Two sets of rules in Detroit water shutoffs 

Commercial accounts operate under a different set of rules than residents

click to enlarge A coalition of activists protests outside the Detroit Water & Sewerage Department’s office in downtown Detroit on Friday, June 6. - RYAN FELTON/METRO TIMES
  • Ryan Felton/Metro Times
  • A coalition of activists protests outside the Detroit Water & Sewerage Department’s office in downtown Detroit on Friday, June 6.

It’s unusual for the know-it-alls at News Hits to get confused over something we’ve previously reported on, but we were taken aback last week by a story in The New York Times about Detroit’s ongoing water shutoffs.

Written by Detroit-based freelance writer Anna Clark, the piece highlights the ongoing disparity embedded in the Detroit Water & Sewerage Department’s initiative to cut water service to more than 1,500 customers per week with delinquent accounts. Critics have blasted the plan, saying it unfairly targets residential accounts rather than big-name corporations, such as those identified by WDIV Channel 4 in April as having substantial outstanding fees

In the Times piece, Clark wrote of the big players revealed by WDIV that, “As of July 2, none have paid. [Darryl] Latimer said the Department of Water and Sewerage would post notice, giving these commercial customers 10 days to pay before cutting service. But he did not say when.”

Like we said, this puzzled us. Last month, the Hits reported that DWSD would hold commercial accounts to the same standard as residents: If customers owe more than $150 or are 60 days past-due, a shut-off notice would be sent. They would then have 10 days to pay the outstanding fee. 

By our measurement, it’s been almost 90 days since the WDIV segment aired. So what gives? Numerous published reports have showcased the plight of residents faced with the reality of having their water cut — even though they dispute some charges. Why them, but not, say, Detroit’s world-class arenas? DWSD has boasted in recent weeks that it took in more than $400,000, thanks to customers paying their past-due bills after having their water shut off. It seems they could’ve already doubled that number with the substantial commercial accounts.

So we called DWSD spokesperson Gregory Eno, who tried explaining the discrepancy.  

“First of all, the commercial accounts that we’re talking about here are in dispute with … what they believe they should be paying for stormwater runoff,” Eno says. “It’s not about traditional water usage like you and I would use, water in our home.”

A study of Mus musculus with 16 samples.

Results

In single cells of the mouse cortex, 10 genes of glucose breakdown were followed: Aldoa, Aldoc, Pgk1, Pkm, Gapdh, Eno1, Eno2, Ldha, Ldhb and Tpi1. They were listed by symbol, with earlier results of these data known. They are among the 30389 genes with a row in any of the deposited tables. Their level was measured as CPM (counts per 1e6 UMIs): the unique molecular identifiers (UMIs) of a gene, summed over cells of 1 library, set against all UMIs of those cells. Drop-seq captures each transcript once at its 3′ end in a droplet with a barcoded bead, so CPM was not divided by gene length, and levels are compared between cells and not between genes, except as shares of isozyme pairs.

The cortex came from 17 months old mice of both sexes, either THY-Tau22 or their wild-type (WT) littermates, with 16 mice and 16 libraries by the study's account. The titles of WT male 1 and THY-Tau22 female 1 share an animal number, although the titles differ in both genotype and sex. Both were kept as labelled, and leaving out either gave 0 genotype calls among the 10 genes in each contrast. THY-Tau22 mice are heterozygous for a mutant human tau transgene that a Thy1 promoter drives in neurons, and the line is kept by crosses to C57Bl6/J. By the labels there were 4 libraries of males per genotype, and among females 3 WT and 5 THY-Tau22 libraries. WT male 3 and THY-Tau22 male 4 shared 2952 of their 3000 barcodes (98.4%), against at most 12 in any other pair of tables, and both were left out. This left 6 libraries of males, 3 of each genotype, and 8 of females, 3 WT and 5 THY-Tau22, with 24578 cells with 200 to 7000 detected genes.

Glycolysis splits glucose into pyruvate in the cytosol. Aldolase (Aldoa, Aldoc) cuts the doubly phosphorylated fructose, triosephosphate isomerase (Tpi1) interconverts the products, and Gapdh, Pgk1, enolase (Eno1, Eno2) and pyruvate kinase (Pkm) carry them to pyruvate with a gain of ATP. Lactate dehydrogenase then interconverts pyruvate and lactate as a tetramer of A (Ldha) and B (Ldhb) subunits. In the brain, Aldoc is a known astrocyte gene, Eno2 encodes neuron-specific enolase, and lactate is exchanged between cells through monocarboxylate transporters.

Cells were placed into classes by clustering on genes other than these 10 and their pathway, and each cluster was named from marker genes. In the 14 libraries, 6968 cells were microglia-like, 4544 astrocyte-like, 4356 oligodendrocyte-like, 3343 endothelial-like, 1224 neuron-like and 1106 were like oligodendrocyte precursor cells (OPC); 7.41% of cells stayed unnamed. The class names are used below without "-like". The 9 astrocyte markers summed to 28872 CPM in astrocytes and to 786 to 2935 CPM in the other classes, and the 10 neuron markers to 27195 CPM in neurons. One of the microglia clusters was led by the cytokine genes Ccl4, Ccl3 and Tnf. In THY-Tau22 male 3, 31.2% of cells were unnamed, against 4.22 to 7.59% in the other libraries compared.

Come again? 

Eno says: “We have a number of commercial accounts that are in dispute — well, not a dispute — we say they owe such [an amount], they say” they owe a different figure.

The way DWSD previously presented things to us, it was an all-encompassing statement: You owe $150 or more, you have to pay the bill, or your water gets shut off. But because the corporate accounts dispute a different form of water, they’re apparently entitled to contest the fees. Make sense? 

“I think the misconception is, I think people think Comerica Park owes money for running water … that’s not the case,” Eno says. “It has to do with … stormwater runoff or drainage.” 

It’s a situation that appears to date back to last year, when DWSD realized it had not billed about 1,200 commercial accounts for drainages fees, some for several years, according to Crain’s Detroit Business. 

“This means, of course, that some commercial customers are going to be hit with heavy bills, and that is a fact of life,” Bill Johnson, a DWSD spokesperson told Crain’s. “These corrections will help make sure that residents using the system are not subsidizing business customers.” 

Asked if we were relayed incorrect information from the department last month, Eno says that’s not the case. “They’re being treated in the same way that we’re actively pursuing … recipient of payment.”

He adds, “We’re not just letting them slide. We’re still in the process of trying to collect from them.”

But it’s a dispute over stormwater drainage fees, a “big difference” compared to running the faucet at home, he says.

For critics of the shutoff initiative, those commercial amounts in arrears are a benefit, Eno says. “The folks who are on the other side of this … it serves their purpose well to make this an apples-to-apples comparison,” he says.

“It makes for good TV, but it’s not true.”

The water controversy has, at the very least, managed to generate some interest from those corporate accounts: Last month, a spokesperson for Ilitch Holdings Inc., owner of the Detroit Red Wings who play at Joe Louis Arena, reached out to us to say, “We have always paid our bill; any past outstanding balance was due to misapplied payments.”   

Even so, DWSD’s admission that other commercial accounts operate under a different set of rules than a resident who owes $150 — simply because it’s a different fee — was revealing. And it must comfort those who have to reach deep into their pockets this month to ensure the tap still turns on.